We love nature as much as we love community, and we love sharing these natural treasures with our friends who visit us. Nature is more than just a location, more than a beautiful scene and it has a deeper meaning to the local culture than people realize. Of course, with climate change and development we see how cultures are impacted by the changes in their natural environments. We can also see that cultural impact often works in the other direction as well.
The communities on the Colombian Caribbean coast have long histories with music and food and ethnic diversity. The natural gifts that exist on this coast have played big roles in how those things have evolved over time. Not only has nature inspired them, but it has facilitated their creative ability for many generations.
There is great overlap in the music, jewelry and other cultural traits of South America and Africa due to the history of slavery and colonization. Although the styles have similarities, the materials that the instruments and other items are made from vary greatly not only between the continents but also from country to country. Many of the materials that are used in the instruments of the Colombian Caribbean are unique to the region and that adds to how valuable the materials are to the local culture. The wood from trees, the the hull of a seed, even the seeds themselves can be utilized in new and innovative ways from culture to culture.
When looking at food traditions and customs, those differences from culture to culture can also stem from natural material. If there is a lot of stone available to utilize as a cooking surface can demonstrate differences in one region from another. The types of agricultural tools that are developed out of natural materials can vary as well depending on what items nature provides to each community. These are all pieces of history that exemplify human ingenuity everywhere but also connects each community to their natural surroundings in a unique way.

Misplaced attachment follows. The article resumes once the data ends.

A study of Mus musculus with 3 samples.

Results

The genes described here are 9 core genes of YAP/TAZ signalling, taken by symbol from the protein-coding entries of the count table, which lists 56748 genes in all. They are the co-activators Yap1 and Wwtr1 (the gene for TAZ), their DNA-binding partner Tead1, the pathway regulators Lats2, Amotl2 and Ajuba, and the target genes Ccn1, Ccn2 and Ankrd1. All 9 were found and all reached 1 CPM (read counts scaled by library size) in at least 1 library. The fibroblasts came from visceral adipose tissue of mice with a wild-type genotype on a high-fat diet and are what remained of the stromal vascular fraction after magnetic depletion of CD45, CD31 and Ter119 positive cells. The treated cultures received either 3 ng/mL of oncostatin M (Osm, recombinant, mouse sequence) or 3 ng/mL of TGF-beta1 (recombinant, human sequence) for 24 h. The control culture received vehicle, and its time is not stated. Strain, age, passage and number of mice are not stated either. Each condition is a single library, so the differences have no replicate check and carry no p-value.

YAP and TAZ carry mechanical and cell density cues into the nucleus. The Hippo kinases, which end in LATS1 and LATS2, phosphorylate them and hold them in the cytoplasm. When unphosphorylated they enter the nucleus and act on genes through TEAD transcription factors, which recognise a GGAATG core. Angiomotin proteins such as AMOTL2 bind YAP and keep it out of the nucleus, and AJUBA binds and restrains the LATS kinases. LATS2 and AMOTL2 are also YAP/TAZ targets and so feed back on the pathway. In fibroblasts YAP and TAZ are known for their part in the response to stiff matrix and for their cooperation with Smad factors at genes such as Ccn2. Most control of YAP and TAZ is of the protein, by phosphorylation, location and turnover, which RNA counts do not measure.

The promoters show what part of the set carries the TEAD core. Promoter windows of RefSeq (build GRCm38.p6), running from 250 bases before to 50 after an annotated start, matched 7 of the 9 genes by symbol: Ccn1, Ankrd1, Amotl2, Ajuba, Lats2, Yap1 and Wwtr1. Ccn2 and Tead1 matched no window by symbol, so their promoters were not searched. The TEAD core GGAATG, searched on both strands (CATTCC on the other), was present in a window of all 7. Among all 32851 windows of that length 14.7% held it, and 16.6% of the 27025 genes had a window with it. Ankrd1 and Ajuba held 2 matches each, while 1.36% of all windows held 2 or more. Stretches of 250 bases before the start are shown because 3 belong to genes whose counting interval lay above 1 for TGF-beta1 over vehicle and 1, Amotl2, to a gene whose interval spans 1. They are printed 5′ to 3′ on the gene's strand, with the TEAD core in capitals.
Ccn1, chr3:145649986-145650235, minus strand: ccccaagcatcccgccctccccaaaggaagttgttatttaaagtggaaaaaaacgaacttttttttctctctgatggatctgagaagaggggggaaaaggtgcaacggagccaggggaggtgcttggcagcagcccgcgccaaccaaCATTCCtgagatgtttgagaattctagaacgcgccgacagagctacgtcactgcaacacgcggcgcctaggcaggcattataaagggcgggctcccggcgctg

This reminds us that not only are human beings intelligent, resilient and resourceful in all cultures, but that nature has an impact on each of us just as much as we can have an impact
on it. Many indigenous religions praised nature as being a sacred entity because of how they relied on it for their sustenance, comfort and ability to progress as a people. This is not small thing, the fact that their entire faith was put into the nature that surrounded them means that indigenous people knew that their fate here on earth was tied so deeply with nature that it had to mean that there was something greater than what they saw in front of them.
Although all groups of people have their own relationships with nature, nature always seems to have the same relationship with people. Nature is there to breathe, to live and to demonstrate its strength in a way that lets us know it will care for us as long as we care for it. We see the impact that humans have had on the challenges that nature faces today, but we can change our perspective on this even in the age of technology. Learning about smaller local communities and their long-standing symbiotic relationships with their environments can stand as a reminder of what we are capable of accomplishing when we work hand-in-hand with nature and appreciate its beauty as well as what it does for us every day.